The title The Grand Seduction suggests something quite grand. (The title of the French original Le Grand Seduction suggests something quite grand and French.) Rather than anything of scale though or defying expectations of anything that would impress Danny Ocean this is a small movie. The smallness is evident from the opening scenes; the folk of a small fishing community in Newfoundland want nothing more than jobs to occupy them and a homestead to warm them. Not unreasonable but events are all presented in a short-sighted, small-minded view on the world that is never challenged making this a very difficult movie to engage with.
The events of the movie see the men of the town contrive to convince blow-in doctor (Taylor Kitsch) to become a permanent resident of the town so that they then can convince a petrochemical company of the value of pitching its tent locally and return the men of the village to employment. Brendan Gleeson is lead conspirator, a man hanging onto past glories, resentful that his wife has gone to the nearest city to sort rubbish as a way to bring in money. Gleeson takes the role seriously, expectedly, but really there is nothing to the role. He was surrounded by a far more malevolent set of parishoners in Calvary, his neighbours here specialize in twee rather than cynicism and are all different shades of uninteresting. How any of them have the skill-set to apply to work in a petrochemical factory is one of a number of things handily glossed over.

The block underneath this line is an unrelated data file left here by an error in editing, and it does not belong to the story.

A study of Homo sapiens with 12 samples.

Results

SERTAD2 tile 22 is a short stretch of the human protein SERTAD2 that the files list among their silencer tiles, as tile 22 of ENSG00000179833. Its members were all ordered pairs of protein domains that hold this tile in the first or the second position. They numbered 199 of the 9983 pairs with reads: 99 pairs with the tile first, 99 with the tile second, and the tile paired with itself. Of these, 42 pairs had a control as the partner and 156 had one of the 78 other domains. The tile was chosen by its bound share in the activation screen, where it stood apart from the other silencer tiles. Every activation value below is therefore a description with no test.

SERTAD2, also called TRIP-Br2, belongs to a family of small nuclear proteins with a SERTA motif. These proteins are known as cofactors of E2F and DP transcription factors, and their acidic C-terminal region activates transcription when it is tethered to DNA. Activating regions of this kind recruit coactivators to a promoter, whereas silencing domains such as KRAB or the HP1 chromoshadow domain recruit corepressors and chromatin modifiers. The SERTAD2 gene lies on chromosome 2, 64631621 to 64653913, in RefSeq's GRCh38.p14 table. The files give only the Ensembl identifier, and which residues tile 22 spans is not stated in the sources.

As events proceed it seems the grand of the title may be in fact be the distinctly Irish take on the word. ‘Ah, sure it’s grand’. With Gleeson on board, the oddly Irish lilt to the local accents, and the narrative of small communities struggling to survive, the story does hold relevance for a modern Ireland. As to how a village of Irish men might look to go about a seduction, well, there is no easy parallel here but it is the caper or seduction of the doctor that offers the film’s few high points. Always silly, sometimes funny, the movie comes to life as the town offers promise upon promise to the doctor. None of it is believable, of course. The prognosis for the town is stark and this is juxtaposed with incredulous situations intended to draw laughs – constructing a cricket pitch on a cliff-side, multiplying the population of the town with Scooby-Doo hijinks – you might be instinctively drawn to laugh at what you know was intended to be funny, but none of it is convincing, and to boot there is some wholly misjudged humour thrown in.
All the while, there is an uncomfortable reality bubbling under that this film can’t address any of the issues it is raising. There is a sheepish acknowledgment of the potential consequences of selling out to big business and damage to the local environment but this is brushed aside in such a disatisfactory way it would have been best ignored. A comedy of course doesn’t need to be a social commentary but the movie is littered with premise and issues ripe for just that. None though are tackled with any degree of wit or smart interpretation making the whole exercise feel a bit of a waste.